Last year, I asked the renowned German art dealer and gallery owner Rafael Jablonka why he was closing his Berlin showroom and returning to his Cologne base. "Because Berlin is an economically retarded place. The collector's market is nonexistent," he replied.
None, none at all? I asked. "There are some collectors in Berlin, but I don't think they are buying in Berlin. Why do artists go to Berlin? Because the rents are low. But there is no other business there, there is no reason to be in Berlin."
Jablonka was right in a business sense, but perhaps missing a wider point. Berlin has become a haven for artists across the world, drawn by the low cost of living, the pleasantly ramshackle ambience and plenty of studio and exhibition spaces.
As the disgruntled head of Galerie Jablonka pointed out, there is very little money in the city's art market to sustain any serious collecting culture, but under the radar thrives an underground music, art and literature scene that has evolved over decades of decadence, war, repression and finally a sustained, not prosperity exactly, but economic calm that fuels a booming cultural life for thousands of young artists, writers, directors, dancers and others "resting".
Three thousand miles away in Dubai, things are, predictably, rather different. Here, there are significantly fewer full-time practising artists, facilities are far less available and the complex nature of the city's society presents a contrasting set of circumstances for contemporary artists. Yet the city thrives as a collectors' hub, attracting hundreds of eager art-lovers of all stripes from around the world, with events such as Art Dubai, regular auctions by Bonhams and Christie's, as well as a profusion of galleries showing work by artists from across the Middle East and beyond.
Attempting to draw contrasts and find common ground between these two distinct cityscapes is a new event taking place this weekend at The Jam Jar gallery in Al Quoz, Dubai. The Goethe Institute's Berlin-Dubai Festival sees a group of Berlin-based cultural mavens - including filmmakers, writers and critics - in town to debate and discuss with their UAE counterparts how their city supports and nurtures its fertile grassroots art and literature scenes.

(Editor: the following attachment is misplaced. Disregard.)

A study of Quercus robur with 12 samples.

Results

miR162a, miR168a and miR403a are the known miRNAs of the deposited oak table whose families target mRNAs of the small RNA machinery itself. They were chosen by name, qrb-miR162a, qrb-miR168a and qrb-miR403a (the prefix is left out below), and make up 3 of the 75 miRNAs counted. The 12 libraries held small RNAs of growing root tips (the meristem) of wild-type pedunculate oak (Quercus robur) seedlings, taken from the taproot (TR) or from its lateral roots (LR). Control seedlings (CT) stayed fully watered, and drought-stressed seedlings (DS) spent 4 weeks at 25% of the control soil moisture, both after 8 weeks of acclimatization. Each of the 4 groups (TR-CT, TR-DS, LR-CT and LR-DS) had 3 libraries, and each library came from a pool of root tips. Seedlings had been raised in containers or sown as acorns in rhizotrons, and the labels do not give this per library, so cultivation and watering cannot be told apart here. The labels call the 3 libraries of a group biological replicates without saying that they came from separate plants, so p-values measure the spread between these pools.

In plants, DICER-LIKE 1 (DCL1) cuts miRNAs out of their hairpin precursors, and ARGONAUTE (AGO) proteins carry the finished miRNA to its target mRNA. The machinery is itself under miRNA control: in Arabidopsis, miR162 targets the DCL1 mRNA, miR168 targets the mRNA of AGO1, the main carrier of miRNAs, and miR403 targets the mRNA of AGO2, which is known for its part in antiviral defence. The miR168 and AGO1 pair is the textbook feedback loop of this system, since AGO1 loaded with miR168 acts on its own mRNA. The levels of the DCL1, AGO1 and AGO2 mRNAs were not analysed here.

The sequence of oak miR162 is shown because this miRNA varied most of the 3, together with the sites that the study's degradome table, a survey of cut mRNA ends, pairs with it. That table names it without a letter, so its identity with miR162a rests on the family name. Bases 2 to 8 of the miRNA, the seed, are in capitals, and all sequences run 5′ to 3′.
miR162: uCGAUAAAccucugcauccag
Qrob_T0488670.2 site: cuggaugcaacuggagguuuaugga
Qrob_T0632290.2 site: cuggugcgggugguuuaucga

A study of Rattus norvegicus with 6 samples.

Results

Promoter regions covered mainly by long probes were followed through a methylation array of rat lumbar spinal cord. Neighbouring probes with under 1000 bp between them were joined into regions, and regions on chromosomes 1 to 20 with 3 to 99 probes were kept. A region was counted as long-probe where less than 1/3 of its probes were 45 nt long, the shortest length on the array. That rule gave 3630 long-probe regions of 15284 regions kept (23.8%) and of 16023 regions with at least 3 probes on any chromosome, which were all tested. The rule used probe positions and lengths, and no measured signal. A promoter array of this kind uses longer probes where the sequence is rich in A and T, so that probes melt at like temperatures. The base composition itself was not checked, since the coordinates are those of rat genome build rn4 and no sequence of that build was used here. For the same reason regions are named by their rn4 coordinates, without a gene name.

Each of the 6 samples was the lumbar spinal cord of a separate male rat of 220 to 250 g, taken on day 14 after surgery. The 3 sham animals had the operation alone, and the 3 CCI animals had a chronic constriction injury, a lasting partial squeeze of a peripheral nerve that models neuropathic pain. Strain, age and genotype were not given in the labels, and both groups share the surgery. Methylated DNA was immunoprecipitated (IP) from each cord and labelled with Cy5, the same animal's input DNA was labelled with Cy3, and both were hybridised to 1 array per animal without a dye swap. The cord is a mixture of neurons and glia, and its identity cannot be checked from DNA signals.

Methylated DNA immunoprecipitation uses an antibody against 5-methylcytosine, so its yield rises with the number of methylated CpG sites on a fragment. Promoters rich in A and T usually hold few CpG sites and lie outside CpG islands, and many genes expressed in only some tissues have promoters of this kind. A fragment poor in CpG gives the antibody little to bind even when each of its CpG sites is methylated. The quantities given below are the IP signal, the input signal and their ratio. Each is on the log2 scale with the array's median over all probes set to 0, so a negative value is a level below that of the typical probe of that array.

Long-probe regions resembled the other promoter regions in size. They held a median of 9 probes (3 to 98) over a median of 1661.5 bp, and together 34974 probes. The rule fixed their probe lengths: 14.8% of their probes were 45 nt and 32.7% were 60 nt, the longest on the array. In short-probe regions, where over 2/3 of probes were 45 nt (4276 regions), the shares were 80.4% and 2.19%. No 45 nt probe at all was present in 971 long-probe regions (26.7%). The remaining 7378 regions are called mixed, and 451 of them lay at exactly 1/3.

The festival kicks off at 8pm tonight with a screening of Frank Kuenster's underground documentary Let It Rock, which is a fascinating insight into Berlin's creatives.
After the screening Kuenster will speak about his film and join a panel discussion, which is intended to be the intellectual core of the programme. The panel includes the German-Croatian journalist and author Jasna Zajcek, Alexander Smoltczyk, who is the regional correspondent for the German news magazine Der Speigel, and the Berlin author Norman Ohler. Representing Dubai will be The Jam Jar's founder Hetal Pawani, the Emirati artist Ebtisam Abdulaziz and the Emirati cultural commentator Mishaal al Gergawi.
Ohler and Zajcek will also be holding a reading on Saturday at 2pm, followed by a further discussion with the object of trying to make sense of the very different directions the two cities take in pursuing an arts agenda.
The director of the Goethe Institute in the UAE, Friederike Möschel, describes the aim as showing Berlin's cultural scene and diversity. "Rightly, Berlin is one of the most attractive metropolitan centres in the western world and it is about time to present it here in the UAE," she says. "Personally, I think it is always very fascinating and also rewarding to see similarities among all the differences. As the latest discussions in Europe have shown, there are still a lot of prejudices concerning the Arab and Muslim world. I guess a lot of people there have no clue that in this part of the world there are people who are really interested not just in finance and business, but also in arts and culture. Dubai is such a melting pot with so many influences from different countries that it might be an interesting place for Berlin artists to become inspired."
The idea for the festival grew out of a meeting between Zajcek and Möschel in Dubai earlier this year. "My first impression of Dubai was that it was so much of a shopping-and-dining-out culture," says Zajcek. "But I wondered, how do the souls of these people get fed, how are their ideas inspired?
The UAE event will seek to address this and other questions on creativity as well as highlighting a number of key issues, not least the contrast between Dubai's high-velocity, high-spending growth and Berlin's more cash-strapped situation.
"What could we learn from Dubai?" says Zajcek. "How to accept new architecture! And how to sell what you have to offer, this is a thing we could learn from Dubai."
Möschel believes ultimately that in their disparities and unrecognised connections there is much synergy between the two cities, which she hopes the weekend's events will help elucidate.
For those in the vanguard of art and culture in the Middle East, discovering the inner world of the German capital will be a fascinating insight into how art is made in an environment that has supported creativity for decades. Similarly, Dubai has much to offer its German guests in terms of learning how best to capitalise on and promote their cultural assets.
"On one hand," she points out, "in Berlin, artists are more independent and don't have to care so much about sensitivities connected to traditions, culture and religion. On the other hand, in Dubai, it is much more challenging for artists' creativity, to express changes in their life and their society.
"In this respect, they need sometimes a certain subtlety in their art, which is really interesting. It is also a big challenge to create a unique style for this region and not just copy western art. It is always fascinating, when a region is in the process of bearing something new."
The Berlin-Dubai Festival is on from tonight until Saturday. For more information, visit www.goethe.de/dubai.